Warning: Engaged Employees
A new study shows that low producers are often the happiest on the job. That has implications for how leaders need to define and cultivate engagement.
In the 1988 film Big, Tom Hanks plays Josh, a 12-year-old boy who is magically thrust into the body of an adult. Forced to make an adult living, he lands a gig doing data entry for a toy company. On his first day on the job, he tears into his inbox with a boy’s gotta-win-this-race flurry of productivity before he’s interrupted by the coworker sitting next to him.
“Listen, what’re you tryin’ to do, get us all fired?” he hisses. “You gotta pace yourself, slowly, slowly.”
“It’s my first day,” Josh replies.
Funny because it’s true. One way or another, workers learn fast that there are certain ways to calibrate your ambition—or your lack of it—at the office. We know that high productivity can catch the admiring attention of superiors, but we also know that productive employees are often “rewarded” with more of the same kind of work, and the resentment of less-productive colleagues. And while many lower-level employees content themselves with doing just enough to scrape by, middle managers higher up the ladder quietly fume that their hard work isn’t being appreciated. Worse, because everybody feels unsteady on their perch, nobody is going to clue in the CEO about this.
This disconnect is explored in a new study [PDF] by the consulting firm Leadership IQ, which reports that 42 percent of low performers at companies say they’re more engaged in their work than middle- and upper-level employees. That is, they’re happily unproductive, even blissfully unaware of their low productivity. “The employees bringing you the least value are often more engaged than the folks who reliably deliver good and great performance,” the study’s authors write, cautioning that this is a recipe for encouraging your best employees to move on.
Though the study doesn’t explicitly say it, that provocative data point suggests that workplaces tend to cultivate two kinds of engagement. There’s the high-powered kind of enthusiasm for an organization that inspires people to not just work hard but think about how to make the organization better. Then there’s the softer kind of engagement, where workers are happy about their employer to the extent they don’t feel too challenged by it. Clearly something is out of plumb in a lot of offices.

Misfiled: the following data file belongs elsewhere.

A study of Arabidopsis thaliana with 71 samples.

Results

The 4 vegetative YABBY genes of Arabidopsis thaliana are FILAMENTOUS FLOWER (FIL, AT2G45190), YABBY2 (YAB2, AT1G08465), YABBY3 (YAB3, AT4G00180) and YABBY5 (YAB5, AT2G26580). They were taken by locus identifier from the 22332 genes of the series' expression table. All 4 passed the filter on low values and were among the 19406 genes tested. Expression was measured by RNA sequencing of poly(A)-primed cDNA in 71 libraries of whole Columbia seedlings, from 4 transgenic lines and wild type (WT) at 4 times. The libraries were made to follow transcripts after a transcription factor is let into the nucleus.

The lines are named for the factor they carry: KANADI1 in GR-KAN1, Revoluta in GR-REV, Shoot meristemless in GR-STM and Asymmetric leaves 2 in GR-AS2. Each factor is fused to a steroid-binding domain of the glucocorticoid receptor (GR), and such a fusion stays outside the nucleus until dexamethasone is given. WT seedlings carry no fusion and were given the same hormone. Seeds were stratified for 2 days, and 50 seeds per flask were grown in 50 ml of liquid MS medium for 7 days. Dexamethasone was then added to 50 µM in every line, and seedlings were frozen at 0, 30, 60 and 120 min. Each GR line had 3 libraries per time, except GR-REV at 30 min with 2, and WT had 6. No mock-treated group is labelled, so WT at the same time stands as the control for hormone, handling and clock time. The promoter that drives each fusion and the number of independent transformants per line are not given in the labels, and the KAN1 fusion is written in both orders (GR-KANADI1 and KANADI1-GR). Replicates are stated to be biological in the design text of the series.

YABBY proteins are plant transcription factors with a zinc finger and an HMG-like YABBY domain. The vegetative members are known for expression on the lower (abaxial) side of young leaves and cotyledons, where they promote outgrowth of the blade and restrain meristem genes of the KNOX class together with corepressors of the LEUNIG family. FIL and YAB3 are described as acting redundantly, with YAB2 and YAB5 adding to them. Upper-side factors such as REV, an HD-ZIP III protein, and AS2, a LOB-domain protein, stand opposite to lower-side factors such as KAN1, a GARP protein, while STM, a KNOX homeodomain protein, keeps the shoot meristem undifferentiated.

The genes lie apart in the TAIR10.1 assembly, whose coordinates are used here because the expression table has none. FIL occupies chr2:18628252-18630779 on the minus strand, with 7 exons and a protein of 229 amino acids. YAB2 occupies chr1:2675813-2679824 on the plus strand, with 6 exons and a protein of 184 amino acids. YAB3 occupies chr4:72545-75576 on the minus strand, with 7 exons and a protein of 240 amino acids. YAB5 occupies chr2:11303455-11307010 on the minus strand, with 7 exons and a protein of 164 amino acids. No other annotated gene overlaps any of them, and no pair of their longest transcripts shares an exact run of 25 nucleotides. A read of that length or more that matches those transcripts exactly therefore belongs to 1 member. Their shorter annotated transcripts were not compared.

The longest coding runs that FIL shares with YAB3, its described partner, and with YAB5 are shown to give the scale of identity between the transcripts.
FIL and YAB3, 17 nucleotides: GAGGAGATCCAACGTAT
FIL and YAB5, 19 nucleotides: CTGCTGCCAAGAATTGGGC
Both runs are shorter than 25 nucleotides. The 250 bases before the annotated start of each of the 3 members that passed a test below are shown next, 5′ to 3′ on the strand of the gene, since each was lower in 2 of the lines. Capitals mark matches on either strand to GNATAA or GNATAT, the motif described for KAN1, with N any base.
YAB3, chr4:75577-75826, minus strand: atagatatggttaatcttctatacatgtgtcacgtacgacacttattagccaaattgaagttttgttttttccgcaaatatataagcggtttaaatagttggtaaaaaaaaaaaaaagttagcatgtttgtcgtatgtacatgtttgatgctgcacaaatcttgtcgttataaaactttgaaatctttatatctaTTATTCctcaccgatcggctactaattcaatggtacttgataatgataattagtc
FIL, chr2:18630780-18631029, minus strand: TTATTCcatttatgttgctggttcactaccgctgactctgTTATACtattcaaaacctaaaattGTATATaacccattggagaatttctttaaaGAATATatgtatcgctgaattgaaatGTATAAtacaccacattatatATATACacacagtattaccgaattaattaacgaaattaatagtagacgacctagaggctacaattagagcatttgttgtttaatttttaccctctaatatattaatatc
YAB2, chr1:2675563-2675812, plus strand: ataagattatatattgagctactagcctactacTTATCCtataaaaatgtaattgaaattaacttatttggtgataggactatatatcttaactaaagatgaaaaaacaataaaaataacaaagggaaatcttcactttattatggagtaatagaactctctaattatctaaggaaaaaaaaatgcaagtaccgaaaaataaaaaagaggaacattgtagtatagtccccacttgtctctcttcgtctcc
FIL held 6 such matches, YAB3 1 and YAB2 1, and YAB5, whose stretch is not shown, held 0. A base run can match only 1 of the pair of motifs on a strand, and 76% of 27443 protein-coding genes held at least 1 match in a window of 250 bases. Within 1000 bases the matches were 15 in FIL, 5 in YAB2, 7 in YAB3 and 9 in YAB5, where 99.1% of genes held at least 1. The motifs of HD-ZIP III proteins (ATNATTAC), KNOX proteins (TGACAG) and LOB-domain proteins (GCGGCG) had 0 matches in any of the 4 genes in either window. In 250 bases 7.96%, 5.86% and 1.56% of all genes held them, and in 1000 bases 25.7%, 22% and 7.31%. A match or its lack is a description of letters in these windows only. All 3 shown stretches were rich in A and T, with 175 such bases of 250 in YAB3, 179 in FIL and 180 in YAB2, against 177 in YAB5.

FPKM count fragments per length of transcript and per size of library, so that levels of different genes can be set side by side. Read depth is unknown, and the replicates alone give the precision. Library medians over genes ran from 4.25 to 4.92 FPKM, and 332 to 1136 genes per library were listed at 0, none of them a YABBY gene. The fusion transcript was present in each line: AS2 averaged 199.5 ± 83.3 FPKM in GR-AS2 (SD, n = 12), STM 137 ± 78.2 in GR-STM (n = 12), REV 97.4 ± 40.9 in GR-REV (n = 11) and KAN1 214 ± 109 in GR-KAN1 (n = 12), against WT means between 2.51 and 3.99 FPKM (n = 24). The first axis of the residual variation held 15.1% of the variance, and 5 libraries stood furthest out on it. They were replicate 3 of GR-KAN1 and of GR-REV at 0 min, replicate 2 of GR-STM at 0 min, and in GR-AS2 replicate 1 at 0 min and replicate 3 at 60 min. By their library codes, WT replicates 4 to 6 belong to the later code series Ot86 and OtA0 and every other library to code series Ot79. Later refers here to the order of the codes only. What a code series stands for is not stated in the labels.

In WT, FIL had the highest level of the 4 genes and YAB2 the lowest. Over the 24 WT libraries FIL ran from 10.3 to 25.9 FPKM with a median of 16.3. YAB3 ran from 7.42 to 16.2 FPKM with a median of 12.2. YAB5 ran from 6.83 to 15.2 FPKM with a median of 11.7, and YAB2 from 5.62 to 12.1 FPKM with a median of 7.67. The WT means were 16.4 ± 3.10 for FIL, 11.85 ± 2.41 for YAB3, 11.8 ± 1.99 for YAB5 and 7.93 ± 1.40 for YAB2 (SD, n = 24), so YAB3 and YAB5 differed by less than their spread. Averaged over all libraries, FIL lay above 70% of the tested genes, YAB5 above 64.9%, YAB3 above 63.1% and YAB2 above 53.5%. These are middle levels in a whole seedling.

The solution for each organization will differ, but most would benefit from establishing a consistent definition of “engagement” for every level of the organization. “Real leaders take action to make their employees more mentally and emotionally accountable,” as the survey authors write. I suspect that small-staff associations, with their less hierarchical, everybody-wears-a-lot-of-hats structures, suffer less often from this question of engagement. Yes, there’s more stress and longer hours, but less confusion about what it means to engaged and accountable—the kind of glue that keeps small staffs together.
Shoves and Tugs
Leadership IQ also promotes a management tactic called “Shoves and Tugs” that I’m not entirely convinced will fix the problem in itself. The idea is that managers should have regular conversations with their workers about the things that make them feel demotivated and burned out (the shoves), alongside the things that make them feel inspired and engaged (the tugs).
That’s all well and good—such candid conversations are valuable and rare. But all the shoves-and-tugs conversations in the world won’t mean much if workers don’t feel their efforts have value, that they will improve their status as an employee at your firm or a professional anywhere. A conversation about what employees feel good and bad about not only risks becoming a regular complaint session, it neglects a conversation about goals—both what you as a leader want out of a particular employee, and about what your employees can contribute to that effort.
How tuned in do you feel you are to your employees’ sense of engagement? And when you detect disengagement—or the wrong kind of engagement—how do you address it?